The Half Wave and Full Wave Rectifier have significant differences. A rectifier converts AC voltage into Pulsating DC voltage. A Half-Wave rectifier is an electronic circuit which converts only one-half of the AC cycle into pulsating DC. It utilizes only half of AC cycle for the conversion process. On the other hand, Full wave rectifier is an electronic circuit which converts entire cycle of AC into Pulsating DC.
The Half-Wave Rectifier is unidirectional; it means it will allow the conduction in one direction only. That’s why either it can convert positive half only or negative half only into DC voltage. This is the reason that it is called Half Wave Rectifier. While Full-wave Rectifier, is bi-directional, it conducts for positive half as well as negative half of the cycle. Thus, it is termed as full wave rectifier.
Content: Half Wave and Full Wave Rectifier
|Parameters||Half-Wave Rectifiers||Full-Wave Rectifiers|
|Transformer Utilization Factor||0.286||0.692|
|Fundamental frequency of ripple||Equal to Supply Frequency, f||Double of Supply Frequency, 2f|
|Number of diodes||Only 1||Vary from 2 to 4, 4 in case of bridge rectifier|
|Peak Inverse Voltage||Vs||2 Vs|
|DC Output Voltage||Imax/π RL||2/π RL Imax|
Definition of Half Wave Rectifier
Half Wave Rectifier circuit consists of a single diode and a step-down transformer, the high voltage AC will be converted into low voltage AC with the help of step-down transformer. After this, a diode connected in the circuit will be forward biased for positive half of AC cycle and will be reversed biased during negative half.
When the diode is forward biased, it acts as a short circuit, while when it is reversed biased it acts as an open circuit. This is because of the connection architecture of the circuit. The P-terminal of the diode is connected with the secondary winding of transformer and N-terminal of the diode is connected with the load resistor.
Thus, the diode conducts during the positive half of AC cycle. While it will not conduct during the negative half of AC cycle. Thus, the voltage drop across the load resistor will appear only for the positive half of AC. During negative half of AC cycle, we will get zero DC voltage.
Definition of Full Wave Rectifier
Full Wave Rectifier consists of two diodes and one step down transformer which is centre tapped. The P-terminal of the diodes is connected to the secondary winding of the transformer. The N-terminals of both the diodes are connected to the centre tapping point of the secondary winding, and they are also connected to load terminal.
When positive half of AC cycle passes through transformer primary winding, then due to mutual induction the top of the secondary winding becomes positive while the bottom of the secondary winding becomes negative.
The P-terminal of diode D1 is connected to the positive voltage which makes the diode to operate in forward biased region. At the same time diode D2 becomes reverse biased, due to the negative voltage at the bottom of the secondary winding.
Thus, for the positive half cycle of AC, only diode D1 conducts, and diode D2 does not conduct.Thus, when the negative half cycle of AC passes through the primary winding of transformer then due to mutual induction the top of the secondary winding of transformer becomes negative and bottom of the secondary windings become positive.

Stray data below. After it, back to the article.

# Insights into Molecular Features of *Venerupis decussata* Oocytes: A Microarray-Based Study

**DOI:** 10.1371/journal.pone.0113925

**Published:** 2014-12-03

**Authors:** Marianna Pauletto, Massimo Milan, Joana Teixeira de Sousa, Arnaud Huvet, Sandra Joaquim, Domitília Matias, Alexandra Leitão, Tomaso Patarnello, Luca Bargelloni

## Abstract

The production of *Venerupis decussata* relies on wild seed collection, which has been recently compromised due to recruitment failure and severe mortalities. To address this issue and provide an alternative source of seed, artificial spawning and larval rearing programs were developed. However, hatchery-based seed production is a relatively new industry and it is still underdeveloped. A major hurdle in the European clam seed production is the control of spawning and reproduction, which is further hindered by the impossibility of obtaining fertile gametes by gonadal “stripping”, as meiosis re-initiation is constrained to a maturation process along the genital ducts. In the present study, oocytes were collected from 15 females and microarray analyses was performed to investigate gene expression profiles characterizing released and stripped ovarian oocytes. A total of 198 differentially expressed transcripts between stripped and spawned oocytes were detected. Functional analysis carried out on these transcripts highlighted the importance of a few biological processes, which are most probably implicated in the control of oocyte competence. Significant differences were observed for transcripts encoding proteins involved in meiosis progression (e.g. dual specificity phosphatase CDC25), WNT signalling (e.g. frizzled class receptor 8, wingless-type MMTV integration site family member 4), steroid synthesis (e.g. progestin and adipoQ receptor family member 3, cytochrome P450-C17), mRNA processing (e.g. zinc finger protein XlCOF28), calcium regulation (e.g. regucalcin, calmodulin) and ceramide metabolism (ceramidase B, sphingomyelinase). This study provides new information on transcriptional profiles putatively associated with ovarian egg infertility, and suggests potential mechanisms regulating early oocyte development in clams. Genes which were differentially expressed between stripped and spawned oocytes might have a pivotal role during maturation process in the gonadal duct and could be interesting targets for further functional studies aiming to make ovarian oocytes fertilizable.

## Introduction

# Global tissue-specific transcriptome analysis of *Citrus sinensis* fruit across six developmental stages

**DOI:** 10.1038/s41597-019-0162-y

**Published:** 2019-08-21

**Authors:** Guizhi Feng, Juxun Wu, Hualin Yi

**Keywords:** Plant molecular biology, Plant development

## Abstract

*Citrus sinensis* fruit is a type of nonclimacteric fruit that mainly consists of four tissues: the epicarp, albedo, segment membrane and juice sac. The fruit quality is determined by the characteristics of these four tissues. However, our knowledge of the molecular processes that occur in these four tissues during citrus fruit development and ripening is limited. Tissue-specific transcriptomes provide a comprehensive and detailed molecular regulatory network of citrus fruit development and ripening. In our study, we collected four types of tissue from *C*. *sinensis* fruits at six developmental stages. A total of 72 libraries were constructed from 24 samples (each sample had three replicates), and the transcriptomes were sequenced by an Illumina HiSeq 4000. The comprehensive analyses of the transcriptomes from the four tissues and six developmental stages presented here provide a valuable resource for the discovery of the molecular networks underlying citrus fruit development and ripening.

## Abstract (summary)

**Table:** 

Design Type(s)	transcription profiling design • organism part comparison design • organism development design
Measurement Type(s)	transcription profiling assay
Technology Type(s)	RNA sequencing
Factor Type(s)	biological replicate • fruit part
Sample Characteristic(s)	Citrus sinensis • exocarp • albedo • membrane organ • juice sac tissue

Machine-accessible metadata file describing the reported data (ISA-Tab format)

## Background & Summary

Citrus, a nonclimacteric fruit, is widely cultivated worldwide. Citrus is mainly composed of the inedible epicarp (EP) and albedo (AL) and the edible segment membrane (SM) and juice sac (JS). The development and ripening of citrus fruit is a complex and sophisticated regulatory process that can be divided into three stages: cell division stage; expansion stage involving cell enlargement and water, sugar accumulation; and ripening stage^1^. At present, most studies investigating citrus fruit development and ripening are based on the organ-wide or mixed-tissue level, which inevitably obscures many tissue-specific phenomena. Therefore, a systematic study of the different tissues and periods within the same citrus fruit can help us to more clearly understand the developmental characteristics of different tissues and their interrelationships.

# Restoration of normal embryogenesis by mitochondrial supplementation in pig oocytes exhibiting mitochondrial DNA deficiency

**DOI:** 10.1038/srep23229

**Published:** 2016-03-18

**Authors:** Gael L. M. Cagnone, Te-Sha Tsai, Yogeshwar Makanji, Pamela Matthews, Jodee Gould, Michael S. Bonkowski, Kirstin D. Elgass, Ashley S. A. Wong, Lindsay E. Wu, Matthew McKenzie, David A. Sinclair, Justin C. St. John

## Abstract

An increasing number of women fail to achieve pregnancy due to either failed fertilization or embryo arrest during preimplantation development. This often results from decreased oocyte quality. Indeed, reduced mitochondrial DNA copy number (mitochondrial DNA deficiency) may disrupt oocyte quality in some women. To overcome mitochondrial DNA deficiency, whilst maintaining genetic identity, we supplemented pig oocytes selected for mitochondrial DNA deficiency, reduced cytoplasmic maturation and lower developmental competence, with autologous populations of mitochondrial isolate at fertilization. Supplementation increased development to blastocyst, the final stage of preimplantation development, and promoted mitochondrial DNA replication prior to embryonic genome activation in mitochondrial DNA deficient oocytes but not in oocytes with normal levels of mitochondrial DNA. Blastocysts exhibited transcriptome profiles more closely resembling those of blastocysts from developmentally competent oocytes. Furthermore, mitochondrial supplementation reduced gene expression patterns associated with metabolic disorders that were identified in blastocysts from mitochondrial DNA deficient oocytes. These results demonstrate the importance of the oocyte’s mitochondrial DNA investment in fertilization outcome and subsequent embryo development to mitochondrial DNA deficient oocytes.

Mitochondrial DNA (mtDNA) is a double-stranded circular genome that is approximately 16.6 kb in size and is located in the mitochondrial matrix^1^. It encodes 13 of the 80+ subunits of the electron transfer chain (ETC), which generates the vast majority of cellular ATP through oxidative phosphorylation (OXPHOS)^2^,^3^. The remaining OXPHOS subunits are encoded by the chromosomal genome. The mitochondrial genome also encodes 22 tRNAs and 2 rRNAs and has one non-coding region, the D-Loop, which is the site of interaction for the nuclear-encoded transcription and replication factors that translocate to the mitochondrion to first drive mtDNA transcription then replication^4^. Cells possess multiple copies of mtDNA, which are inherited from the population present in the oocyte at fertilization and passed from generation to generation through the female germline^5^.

Now, diode D2 will be forward biased, and diode D1 will be reverse biased. Thus, DC voltage will be obtained for positive half of AC cycle as well as for negative half of AC cycle. Thus, it is called full wave as it conducts for the full cycle of AC.
Key Differences Between Half Wave and Full Wave Rectifier
- The significant key difference between half wave and full wave rectifier is efficiency. Half wave rectifier is a low-efficiency rectifier while the full wave is a high-efficiency rectifier. Thus, it is always better to use full wave when we are working on the highly efficient application.
- The centre tapping also differs in half wave and full wave rectifier. Half wave rectifier does not require centre tapping of the secondary winding of transformer while full wave requires centre tapping of the secondary winding of the transformer.
- The requirement of components varies in Half Wave and Full Wave Rectifier. Full wave requires more electronic components as compared to half wave. Thus, full wave rectifier is costly as compared to half wave. Full wave requires double the number of diodes.
- The losses due to saturation of DC core in half wave and full wave rectifiers also create the significant difference. The half wave possesses DC saturation of core, but this problem can be overcome in the full wave circuit.
- The full wave circuitry does not possess DC saturation of transformer core because the current in the secondary winding flows in two halves of the secondary winding of the transformer and in opposite directions.
A rectifier is a crucial component in various electronic circuits. This is because most of the electronic circuits operate on low voltage DC and it is economical to supply power in the form of AC. Thus, we need a device which can convert AC to DC. A rectifier is a device which converts AC voltage into Pulsating DC voltage.
The pulsating DC voltage consists of AC ripples with DC voltage. Thus, it is called Pulsating DC voltage. The half wave rectifier converts half cycle of AC into pulsating DC while full wave converts full cycle into pulsating DC.
Our selection for half wave and full wave rectifier should be based upon the requirements. If we require a low-cost device and if you can compromise with efficiency then use half wave. But if you are working on some specific circuit designing which requires highly efficient conversion of AC to DC then use full wave, keeping in mind its circuit complexity and high cost.